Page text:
Current Practice in Breast Cancer Management

written by Dr Harjit Kaur on 29 October 2009

Current Practice in Breast Cancer Management

Surgery for Breast Diseases especially breast cancer has evolved over the years. From Radical surgeries of the past we are now moving towards minimally invasive surgeries. With the advent of aggressive promotion of screening for breast diseases, more women are diagnosed with breast cancer at an earlier stage. Early diagnosis equals to minimally invasive procedures resulting in an excellent outcome and prognosis.  From the radical mastectomies in the past we are now performing more and more breast conserving surgeries. Axillary dissection which involves removing almost 2/3 of the lymph nodes in the affected armpit often left women with many delayed side effects. Over the past years we have moved away from this procedure where possible practicing a technique called the sentinel node biopsy (SNB) where only one or sometimes up to three or four lymph nodes are removed after precise localization.
 
Sentinel Node Biopsy (SNB) for breast cancer allows accurate assessment of the axillary lymph nodes draining the affected breast. It is a precise technique using radioactive isotope to detect the first draining lymph node in a patient with breast cancer. This technique involves a trained multidisciplinary team comprising the breast surgeon, radiologist, nuclear physicist, radiographer and pathologist. It involves scars as small as 1.5 to 2.0cm. The patient recovers quickly with minimal discomfort and often no drain and may go home the same day.
 
The procedure involves injection of an isotope   in the subdermal plexus of the breast.  After a delay the sentinel node mapping is done. The lymph node(s) is identified and marked before patient is sent to the operating theatre. In the operating room, the breast surgeon locates this node using a specialized hand held gamma probe with or without blue dye combination. The node is immediately sent to the pathologist for immediate confirmation on the presence of metastases in the lymph node. This allows the entire process to be completed at one sitting. The SNB can be combined with any form of breast surgery. From lumpectomy, mastectomies, hook wire excision to skin sparing mastectomy and immediate reconstruction.
 
The SNB is the standard accepted practice in the management of breast cancer today. Axillary clearance is done only when SNB fails or confirms the presence of cancer cells in the lymph node. This markedly reduces the risk of the most dreaded complication of axillary clearance which is lymphedema. Lymph edema is the progressive swelling of the arm that may occur in some women who undergo axillary clearance. Apart from lymphedema, many women who undergo axillary clearance also face lifelong shoulder stiffness, scar pains and parasthesia. SNB reduces and sometimes eliminates all these complications. More importantly it can be done as a daycase therefore reducing the hospital stay.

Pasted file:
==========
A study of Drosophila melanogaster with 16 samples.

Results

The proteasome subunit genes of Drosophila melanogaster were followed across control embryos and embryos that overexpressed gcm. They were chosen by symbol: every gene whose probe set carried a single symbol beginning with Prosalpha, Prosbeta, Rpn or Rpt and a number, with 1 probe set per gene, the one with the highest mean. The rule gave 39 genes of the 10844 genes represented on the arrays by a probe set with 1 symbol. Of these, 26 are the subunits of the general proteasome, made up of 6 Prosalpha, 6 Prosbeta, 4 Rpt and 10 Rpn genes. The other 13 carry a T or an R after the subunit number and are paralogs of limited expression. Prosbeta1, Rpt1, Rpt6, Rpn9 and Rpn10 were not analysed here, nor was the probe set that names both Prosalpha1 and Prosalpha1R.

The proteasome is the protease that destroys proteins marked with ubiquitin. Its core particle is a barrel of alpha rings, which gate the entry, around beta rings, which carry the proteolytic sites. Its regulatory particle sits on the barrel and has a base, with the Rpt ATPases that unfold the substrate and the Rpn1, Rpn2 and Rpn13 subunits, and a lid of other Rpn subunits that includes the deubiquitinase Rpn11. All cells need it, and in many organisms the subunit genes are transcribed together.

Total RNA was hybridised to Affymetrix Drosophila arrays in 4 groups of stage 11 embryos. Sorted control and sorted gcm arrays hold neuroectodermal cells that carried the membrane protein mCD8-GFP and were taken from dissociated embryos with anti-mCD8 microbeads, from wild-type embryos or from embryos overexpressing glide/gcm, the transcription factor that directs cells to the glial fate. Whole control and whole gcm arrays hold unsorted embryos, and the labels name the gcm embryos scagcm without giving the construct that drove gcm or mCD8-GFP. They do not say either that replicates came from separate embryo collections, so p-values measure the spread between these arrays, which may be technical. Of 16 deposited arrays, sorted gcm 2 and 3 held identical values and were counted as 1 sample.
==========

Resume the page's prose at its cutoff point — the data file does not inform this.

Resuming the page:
Women with breast cancer have many options where breast surgery is concerned. Unfortunately many still believe that mastectomy is the only option and hence they delay seeking treatment for the fear of losing the breast. This problem is still very much rampant in Malaysia and many other asian countries as well.  More alarming is the fact that breast cancers are seen in younger and younger women. These young mothers and professionals suffer a major upheaval in their lives when faced with this situation. Major decisions and changes take place in their lives affecting many not only physically but emotionally and psychologically as well. 
 
Education and awareness programs are still the important key to make  a change in these perceptions. It is our hope that more women come forward and practice their regular clinical breast assessment and screening. This will ensure that the disease is picked up early allowing minimally invasive procedures possible and affording a good outcome in survival. No woman is safe from the risk of breast cancer. As we know now age is no barrier as well.
 
With the tremendous amount of research and trials taking place for breast cancer , It is our hope that a cure will be found in the near future .However until then , The key is to be breast aware and take charge of your own breast health.